Inspired by research among first time mobile users and my reading about the Chinese mobile market, here are 5 great ideas to build mobile apps for multi-lingual markets like India.
1) Use QR Codes
Derided as an old and dead technology, QR Codes actually represent a simple and powerful way to discover apps, content, buy products or even add contacts to your phone. Popularised by chat apps in China, QR codes are widely used in the country on products, restaurant menus, coupons and even in the back of airline seats and restroom doors. These codes are used to log in on sites, add contacts, and buy products. QR Codes help to bypass text inputs which can be troublesome if you don't understand English.
2) Use Voice
Voice messages, voice-activated apps and voice search represent a huge way to bypass both language barrier and discomfort with technology. As it evolves, and becomes better at recognising accents and dialects, it can be a great way to bridge the language gap.
3) Add new features, not new apps
If app discovery is a problem (and downloading multiple apps leads to heavier data charge, and usage of precious space on the phone), then take a leaf from the OTT messaging services and add newer features into the app, using a ''Discover'' feature. The European notion that each app needs to be mission specific in functionality, does not hold true in Asian markets. Chat apps include shopping, taxi booking, money transfer, games and other functions. And the latest - WeChat in Africa has launched a service for discovery of beauty parlours and booking appointments, with an in-app Beauty Map.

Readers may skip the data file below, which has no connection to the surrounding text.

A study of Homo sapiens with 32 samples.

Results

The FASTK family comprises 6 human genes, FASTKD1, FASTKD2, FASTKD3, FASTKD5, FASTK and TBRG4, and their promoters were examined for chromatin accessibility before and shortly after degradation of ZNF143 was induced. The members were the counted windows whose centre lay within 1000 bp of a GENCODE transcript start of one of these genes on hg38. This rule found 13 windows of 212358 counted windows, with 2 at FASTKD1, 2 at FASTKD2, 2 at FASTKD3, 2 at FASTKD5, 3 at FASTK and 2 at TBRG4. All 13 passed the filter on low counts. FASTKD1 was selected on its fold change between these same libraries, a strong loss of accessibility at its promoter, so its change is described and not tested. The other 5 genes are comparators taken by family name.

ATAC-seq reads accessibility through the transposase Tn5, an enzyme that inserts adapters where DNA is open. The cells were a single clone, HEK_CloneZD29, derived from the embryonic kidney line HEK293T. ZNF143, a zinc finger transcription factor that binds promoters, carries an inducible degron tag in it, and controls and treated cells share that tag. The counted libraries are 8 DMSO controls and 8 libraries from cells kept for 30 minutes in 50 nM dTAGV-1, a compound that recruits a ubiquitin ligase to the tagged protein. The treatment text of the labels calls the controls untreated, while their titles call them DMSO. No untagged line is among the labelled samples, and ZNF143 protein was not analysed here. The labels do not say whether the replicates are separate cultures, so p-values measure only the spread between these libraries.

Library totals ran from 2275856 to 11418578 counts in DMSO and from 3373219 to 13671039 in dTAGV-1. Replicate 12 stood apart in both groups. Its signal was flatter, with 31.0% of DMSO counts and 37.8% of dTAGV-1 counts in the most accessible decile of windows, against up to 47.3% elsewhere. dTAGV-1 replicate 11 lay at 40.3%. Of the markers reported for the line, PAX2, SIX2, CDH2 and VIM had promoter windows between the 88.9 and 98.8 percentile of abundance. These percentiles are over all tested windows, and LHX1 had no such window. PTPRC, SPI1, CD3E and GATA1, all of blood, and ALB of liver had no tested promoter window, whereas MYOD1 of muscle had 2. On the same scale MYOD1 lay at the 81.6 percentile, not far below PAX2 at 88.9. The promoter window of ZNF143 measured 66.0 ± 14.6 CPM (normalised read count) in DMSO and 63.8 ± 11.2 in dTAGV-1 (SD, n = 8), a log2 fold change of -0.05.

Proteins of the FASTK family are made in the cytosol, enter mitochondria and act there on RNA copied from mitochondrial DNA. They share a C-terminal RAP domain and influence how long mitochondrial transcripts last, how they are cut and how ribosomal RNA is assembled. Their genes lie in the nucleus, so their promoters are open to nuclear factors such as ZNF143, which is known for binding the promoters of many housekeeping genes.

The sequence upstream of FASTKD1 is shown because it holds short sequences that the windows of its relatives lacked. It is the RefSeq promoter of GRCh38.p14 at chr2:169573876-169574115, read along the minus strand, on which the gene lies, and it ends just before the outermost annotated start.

4) Pictures and videos speak louder than words
There is a reason for the huge popularity of emojis, posters, Inspirational Thought for the Day and more. They transcend language and cultural barriers. Apps that use the universal language of iconography, visuals and video will do a better job than those that utilise a lot of text.
5) Look at language technology in the long term
In the long term, language technology needs to evolve to find a solution to the challenging linguistic diversity in India. China has successfully tackled a similar problem (albeit with fewer languages than India). As Dan Grover observes in his post on Chinese App UI Trends, the apps accept Latin character input and happily resolve it into Chinese characters, independant of operating system. They even use heuristics to tackle similar sounding words that could be confused, or typos. India needs to arrive at a similar system.